Informed Librarian Online -- A Bit of Bytes --

Face Recognition

by Jenna Kammer

It’s always an exciting time for me when Apple has a new announcement. I am an Apple fan and even though I can’t afford all of their products, I admire how they set the standards for the evolution of personal technology (particularly mobile). Most recently, the Apple iPhone X was unveiled as having the potential to unlock with facial recognition (calling it “Face ID”). Simply by having the iPhone’s camera scan your face, your phone could unlock.

When I heard about the “facial recognition” feature, it caught my interest. First, this just seems like the natural next-step after unlocking with a thumbprint (Touch ID) right? Also, my information-minded brain started spinning without thoughts about privacy, accuracy and potential user problems that facial recognition could involve. I also started wondering: why??? What was wrong with the passcode and the thumbprint? Well, critics complained that the last iPhone didn’t have enough of a “wow” factor, and others complained the home screen required at least 2 touches to unlock. This new model covers both of those things. Plus, the users seem to want (and expect) technology to advance with each new iPhone release (that’s a joke, even though there may be some truth to it).

Apple isn’t the first company to include facial recognition in their mobile devices. Android phones (since the Lollipop) are already equipped with facial recognition (called Trusted Face) but have drawn criticism for being able to be hacked with a picture or by a person with similar features (or not working when the user makes a change to their face, such as shaving or growing a beard). Despite the security concerns, some people like the ability to use this feature instead of slower methods, like typing in a passcode (here’s how if you own an Android).

Apple’s Face ID comes from a company called RealFace. There was a lot of buzz in February when The Times of Israel reported that Apple had purchased RealFace (an Israeli facial recognition software company). RealFace is a startup that was known for its “frictionless face recognition” and creating authentication solutions that did not include passwords. Think about that—a world without passwords!

We know there will be security issues (hacking a phone with a photo), privacy issues (trusting Apple with our faces and other data that includes location and communications), and usability issues (during the live demo to unveil the iPhone X, facial recognition didn’t work on the first phone. Also, what happens if you gain or lose weight, or shave a beard? If your face changes will you be able to get into your phone? Must you take a new photo?). These are not new issues and scholars have been writing about facial recognition and mobile for a long time (for example, see Ijiri, 2006; Choi, et. al., 2011; Vasquez-Fernandez & Gonzales-Jimenez, 2016).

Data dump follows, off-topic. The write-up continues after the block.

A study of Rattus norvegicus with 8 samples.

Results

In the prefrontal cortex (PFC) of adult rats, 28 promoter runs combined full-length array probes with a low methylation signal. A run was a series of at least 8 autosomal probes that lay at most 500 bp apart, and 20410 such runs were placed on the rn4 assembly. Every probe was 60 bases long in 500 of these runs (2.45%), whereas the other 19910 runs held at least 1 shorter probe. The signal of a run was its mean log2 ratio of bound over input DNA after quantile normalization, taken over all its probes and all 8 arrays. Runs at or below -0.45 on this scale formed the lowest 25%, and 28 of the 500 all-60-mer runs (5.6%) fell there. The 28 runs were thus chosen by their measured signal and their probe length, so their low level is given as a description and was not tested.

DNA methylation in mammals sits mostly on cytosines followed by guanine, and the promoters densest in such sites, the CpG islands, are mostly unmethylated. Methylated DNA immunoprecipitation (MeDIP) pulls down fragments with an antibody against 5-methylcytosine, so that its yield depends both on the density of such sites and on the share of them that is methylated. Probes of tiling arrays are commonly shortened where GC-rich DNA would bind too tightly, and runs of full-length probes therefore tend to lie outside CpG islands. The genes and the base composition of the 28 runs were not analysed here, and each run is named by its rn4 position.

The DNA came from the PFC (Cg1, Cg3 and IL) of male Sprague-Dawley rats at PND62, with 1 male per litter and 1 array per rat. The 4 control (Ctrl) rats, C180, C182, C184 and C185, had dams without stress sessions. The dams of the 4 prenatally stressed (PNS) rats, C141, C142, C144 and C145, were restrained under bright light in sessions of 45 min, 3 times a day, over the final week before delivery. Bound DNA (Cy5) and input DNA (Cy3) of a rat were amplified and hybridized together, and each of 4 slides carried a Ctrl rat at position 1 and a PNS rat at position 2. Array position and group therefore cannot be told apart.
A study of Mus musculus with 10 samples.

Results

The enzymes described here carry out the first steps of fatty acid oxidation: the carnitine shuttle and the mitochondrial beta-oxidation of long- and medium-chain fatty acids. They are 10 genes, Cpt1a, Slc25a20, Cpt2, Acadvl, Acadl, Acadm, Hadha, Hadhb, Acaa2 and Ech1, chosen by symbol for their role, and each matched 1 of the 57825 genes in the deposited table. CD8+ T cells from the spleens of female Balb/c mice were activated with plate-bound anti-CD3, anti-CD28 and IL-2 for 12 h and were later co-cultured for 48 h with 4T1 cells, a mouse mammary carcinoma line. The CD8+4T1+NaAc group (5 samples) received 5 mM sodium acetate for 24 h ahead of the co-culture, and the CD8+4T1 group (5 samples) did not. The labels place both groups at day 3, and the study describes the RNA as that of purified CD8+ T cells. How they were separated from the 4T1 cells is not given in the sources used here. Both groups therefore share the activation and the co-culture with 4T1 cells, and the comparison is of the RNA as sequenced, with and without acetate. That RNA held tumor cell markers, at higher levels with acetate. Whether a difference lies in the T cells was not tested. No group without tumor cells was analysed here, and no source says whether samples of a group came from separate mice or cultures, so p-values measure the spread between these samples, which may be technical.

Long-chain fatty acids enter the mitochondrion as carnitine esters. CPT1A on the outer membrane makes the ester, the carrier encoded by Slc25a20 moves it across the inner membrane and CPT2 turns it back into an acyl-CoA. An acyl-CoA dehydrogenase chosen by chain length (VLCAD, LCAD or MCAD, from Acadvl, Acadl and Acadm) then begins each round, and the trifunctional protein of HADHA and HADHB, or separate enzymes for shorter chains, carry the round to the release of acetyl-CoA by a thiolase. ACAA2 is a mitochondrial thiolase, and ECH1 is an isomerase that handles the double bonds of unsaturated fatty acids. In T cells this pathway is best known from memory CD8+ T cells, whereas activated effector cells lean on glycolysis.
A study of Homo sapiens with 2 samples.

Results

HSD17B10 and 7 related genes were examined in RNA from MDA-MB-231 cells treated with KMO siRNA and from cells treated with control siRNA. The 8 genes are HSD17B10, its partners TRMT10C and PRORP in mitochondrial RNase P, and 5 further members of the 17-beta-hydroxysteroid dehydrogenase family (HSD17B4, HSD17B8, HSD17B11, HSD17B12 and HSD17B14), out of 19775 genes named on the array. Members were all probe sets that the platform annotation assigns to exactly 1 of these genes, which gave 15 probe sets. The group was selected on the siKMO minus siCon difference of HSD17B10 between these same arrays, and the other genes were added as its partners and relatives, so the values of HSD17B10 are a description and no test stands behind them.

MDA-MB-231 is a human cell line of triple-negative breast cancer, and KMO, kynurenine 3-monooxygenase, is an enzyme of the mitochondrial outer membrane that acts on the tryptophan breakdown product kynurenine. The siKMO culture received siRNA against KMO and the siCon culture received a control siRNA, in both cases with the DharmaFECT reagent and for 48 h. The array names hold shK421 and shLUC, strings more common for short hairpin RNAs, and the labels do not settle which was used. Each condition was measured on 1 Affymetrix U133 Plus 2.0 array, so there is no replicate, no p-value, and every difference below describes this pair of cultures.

Facial Recognition and Libraries

With facial recognition entering the mainstream, we should think about how (and if) it could be applied in libraries. Libraries actually use a lot of ID based systems: cards, logins, RFIDs to name a few (all which have their pros and cons for library patron privacy). There are not too many libraries using facial recognition right now (see below for an example of one who is), but I did come across this article written by Lambert in 2016. This article was written after Android’s Trusted Face feature became available, but before Apple purchased RealFace. Lambert speculated that in the near future, a patron could simply walk through the scanners and prompts would tell him/her that there is an overdue book, a reserved item has become available, or basically anything that the library wanted to alert their patrons about. Librarians would just use customized, machine-generated, automatic messages that could help keep patrons informed. Though, like a true librarian, Lambert’s article went on to describe the legal and ethical implications of adding our faces to the big data pool and what that really means for our privacy (see “Who Own’s Your Face” by Robinson Meyer). These are conversations that society in general needs to consider as biometric databases (face recognition is biometric technology) develop.

There is at least one library who has trialed the use of facial recognition technology. The Toowoomba Regional Council library in Queensland, Australia actually did a one month pilot using facial recognition technology to analyze the faces of their patrons as a means to improve services. Usually this practice is reserved for surveillance cameras and security purposes, but the library trialed facial recognition as a means of tracking usage. The pilot drew attention from the public--some library patrons expressed concerns about having their faces recorded and placed in a database. The local news broadcast a story on the library’s use of facial recognition technology framed on the privacy concerns of citizens. You can listen to the podcast here:

Since facial recognition is really just beginning to be something usable and enter the mainstream, all we can do is speculate as to whether it will take off or fade away. Will libraries adopt it? Or will the software we use in libraries start integrating it? As librarians are getting involved more in big data, might they be called upon to be part of the team’s organizing the new collection of digital faces?

Copyright 2017 by Jenna Kammer.

About the author:
My name is Jenna Kammer,, and I am the author of this column. I am an Assistant Professor at the University of Central Missouri in the Library Science program. I have an MLS from the University of Arizona and a MA in Education from New Mexico State University. My PhD is from the University of Missouri where I studied information policy and technology in academic environments.